Some of those who attended our subscriber-only webinar, Developing a Winning Sales Operations Roadmap, were a little surprised that we didn’t spend a lot more time discussing the planning documents themselves. It seems that some might have been expecting to receive a tutorial on creating a 300-task, multiyear Gantt chart or MS Project file.
However, there’s a very good reason we didn’t spend a lot of time discussing the documentation. Frankly, the planning documentation is actually one of the least important aspects of developing an effective roadmap for Sales Operations.
Contrary to much of what you might read elsewhere, roadmapping is not about developing an impressive Gantt chart. More sophisticated and complex planning documents might make you a bit more efficient, but they do very little to ensure that you’re actually being effective.
Over the course of my career, I’ve seen some very comprehensive and incredibly detailed development roadmaps. In many cases, teams of people spent weeks creating these plans, using some of the most sophisticated software available.
But these roadmaps ended up being completely ineffective…because they were focused on all the wrong things!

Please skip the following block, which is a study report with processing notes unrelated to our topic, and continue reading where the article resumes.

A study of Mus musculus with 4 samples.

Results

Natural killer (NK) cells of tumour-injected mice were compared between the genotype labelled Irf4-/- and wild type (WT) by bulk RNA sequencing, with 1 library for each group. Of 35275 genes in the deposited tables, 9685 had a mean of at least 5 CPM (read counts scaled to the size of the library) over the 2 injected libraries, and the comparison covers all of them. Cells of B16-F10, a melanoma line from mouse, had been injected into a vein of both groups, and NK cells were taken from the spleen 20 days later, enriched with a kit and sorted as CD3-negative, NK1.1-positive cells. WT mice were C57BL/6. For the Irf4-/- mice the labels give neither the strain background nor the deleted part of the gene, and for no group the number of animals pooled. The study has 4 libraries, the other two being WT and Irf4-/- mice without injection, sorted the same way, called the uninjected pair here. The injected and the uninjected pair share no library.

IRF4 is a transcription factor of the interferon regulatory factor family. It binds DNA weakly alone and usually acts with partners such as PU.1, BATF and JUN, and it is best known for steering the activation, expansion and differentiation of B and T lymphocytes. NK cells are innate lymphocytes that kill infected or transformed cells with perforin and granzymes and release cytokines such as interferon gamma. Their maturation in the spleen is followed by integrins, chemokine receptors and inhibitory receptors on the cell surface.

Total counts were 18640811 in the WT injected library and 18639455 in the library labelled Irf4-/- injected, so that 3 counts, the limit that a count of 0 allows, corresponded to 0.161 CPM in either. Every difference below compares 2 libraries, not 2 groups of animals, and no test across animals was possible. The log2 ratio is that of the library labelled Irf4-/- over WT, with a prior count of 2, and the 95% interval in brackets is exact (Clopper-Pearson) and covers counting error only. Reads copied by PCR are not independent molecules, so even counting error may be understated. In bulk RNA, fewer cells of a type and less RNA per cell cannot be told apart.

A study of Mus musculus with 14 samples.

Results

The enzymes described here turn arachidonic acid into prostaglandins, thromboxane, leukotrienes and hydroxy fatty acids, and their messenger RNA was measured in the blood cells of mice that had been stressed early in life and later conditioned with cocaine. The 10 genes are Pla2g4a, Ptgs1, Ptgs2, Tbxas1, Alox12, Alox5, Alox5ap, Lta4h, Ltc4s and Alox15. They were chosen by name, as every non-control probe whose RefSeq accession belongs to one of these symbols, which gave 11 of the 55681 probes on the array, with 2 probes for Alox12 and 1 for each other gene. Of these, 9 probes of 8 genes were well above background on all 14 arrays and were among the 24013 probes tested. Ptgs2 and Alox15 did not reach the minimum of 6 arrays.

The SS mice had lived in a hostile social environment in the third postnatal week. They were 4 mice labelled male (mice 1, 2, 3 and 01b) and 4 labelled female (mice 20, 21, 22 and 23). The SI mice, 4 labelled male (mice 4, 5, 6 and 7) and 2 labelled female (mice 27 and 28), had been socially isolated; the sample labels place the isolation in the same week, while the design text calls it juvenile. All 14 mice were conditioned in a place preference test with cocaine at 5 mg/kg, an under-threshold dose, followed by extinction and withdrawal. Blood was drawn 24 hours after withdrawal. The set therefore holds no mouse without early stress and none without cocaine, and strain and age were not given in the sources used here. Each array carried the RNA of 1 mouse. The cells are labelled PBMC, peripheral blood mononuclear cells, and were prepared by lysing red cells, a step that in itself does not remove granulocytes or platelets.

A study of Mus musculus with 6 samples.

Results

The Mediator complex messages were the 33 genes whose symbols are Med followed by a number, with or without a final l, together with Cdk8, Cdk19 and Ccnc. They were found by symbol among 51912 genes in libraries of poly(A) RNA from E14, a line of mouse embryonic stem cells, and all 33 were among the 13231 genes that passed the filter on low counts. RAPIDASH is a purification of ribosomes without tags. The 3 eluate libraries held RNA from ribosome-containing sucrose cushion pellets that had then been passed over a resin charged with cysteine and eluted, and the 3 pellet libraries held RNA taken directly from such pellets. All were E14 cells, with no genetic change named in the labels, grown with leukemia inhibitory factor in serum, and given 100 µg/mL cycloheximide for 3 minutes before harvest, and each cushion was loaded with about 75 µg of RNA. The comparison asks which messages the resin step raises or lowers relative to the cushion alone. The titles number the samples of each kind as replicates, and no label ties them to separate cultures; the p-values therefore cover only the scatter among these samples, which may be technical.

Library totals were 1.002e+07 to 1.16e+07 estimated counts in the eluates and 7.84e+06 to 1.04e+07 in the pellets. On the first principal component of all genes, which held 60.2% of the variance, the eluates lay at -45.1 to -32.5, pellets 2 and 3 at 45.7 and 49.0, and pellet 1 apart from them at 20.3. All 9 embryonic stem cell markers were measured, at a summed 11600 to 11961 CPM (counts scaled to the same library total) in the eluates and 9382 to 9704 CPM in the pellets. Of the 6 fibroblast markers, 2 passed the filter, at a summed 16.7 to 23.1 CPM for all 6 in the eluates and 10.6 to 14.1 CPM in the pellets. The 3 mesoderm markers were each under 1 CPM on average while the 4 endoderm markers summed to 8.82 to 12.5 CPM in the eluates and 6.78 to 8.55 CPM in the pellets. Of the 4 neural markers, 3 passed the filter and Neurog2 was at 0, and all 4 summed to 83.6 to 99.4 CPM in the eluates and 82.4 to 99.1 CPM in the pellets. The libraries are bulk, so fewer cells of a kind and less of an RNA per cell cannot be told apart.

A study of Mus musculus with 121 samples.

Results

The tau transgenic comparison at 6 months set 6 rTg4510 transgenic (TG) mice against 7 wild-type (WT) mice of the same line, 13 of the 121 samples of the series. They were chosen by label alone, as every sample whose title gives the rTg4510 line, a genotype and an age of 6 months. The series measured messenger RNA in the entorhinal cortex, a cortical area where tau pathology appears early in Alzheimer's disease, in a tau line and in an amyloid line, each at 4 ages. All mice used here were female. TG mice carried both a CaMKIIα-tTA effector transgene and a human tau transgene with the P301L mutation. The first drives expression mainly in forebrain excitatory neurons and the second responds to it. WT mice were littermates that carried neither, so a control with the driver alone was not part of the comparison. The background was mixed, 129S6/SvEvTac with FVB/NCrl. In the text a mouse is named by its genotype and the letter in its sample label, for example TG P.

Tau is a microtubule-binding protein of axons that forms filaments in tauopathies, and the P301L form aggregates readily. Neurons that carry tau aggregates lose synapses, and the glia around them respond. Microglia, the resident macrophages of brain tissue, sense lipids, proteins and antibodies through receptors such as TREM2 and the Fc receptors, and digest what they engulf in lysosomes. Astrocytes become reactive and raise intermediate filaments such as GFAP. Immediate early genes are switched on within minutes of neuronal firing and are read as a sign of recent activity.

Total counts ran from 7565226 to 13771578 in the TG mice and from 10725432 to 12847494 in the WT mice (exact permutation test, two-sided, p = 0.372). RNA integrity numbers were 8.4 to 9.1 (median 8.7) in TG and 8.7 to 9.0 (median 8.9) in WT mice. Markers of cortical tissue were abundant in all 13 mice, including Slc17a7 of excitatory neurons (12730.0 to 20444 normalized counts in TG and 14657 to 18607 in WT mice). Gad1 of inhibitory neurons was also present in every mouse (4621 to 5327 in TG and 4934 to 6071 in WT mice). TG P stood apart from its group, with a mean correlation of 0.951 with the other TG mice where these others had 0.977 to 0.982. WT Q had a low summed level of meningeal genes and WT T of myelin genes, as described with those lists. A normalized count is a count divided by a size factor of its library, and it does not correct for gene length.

On the other hand, I’ve witnessed some tremendous strategic transformations where the roadmap—if you could even call it that—was nothing more than a single PowerPoint slide with a handful of bullet points and a weekly meeting to assess progress and determine next steps.
In these cases, the documentation wasn’t the slightest bit impressive…but the results certainly were!
The point is that, first and foremost, effective roadmapping is about focusing on the right things. Then, once the right priorities have been established, it’s about driving constant progress over time. Of course, you want to take sequencing and dependencies into consideration wherever possible.
But don’t get too fixated on the documentation. Remember that a handful of bullet points on a slide—if they’re the right bullet points—and a constant drumbeat can be much more effective than a sophisticated Gantt chart loaded with tasks that won’t make much difference.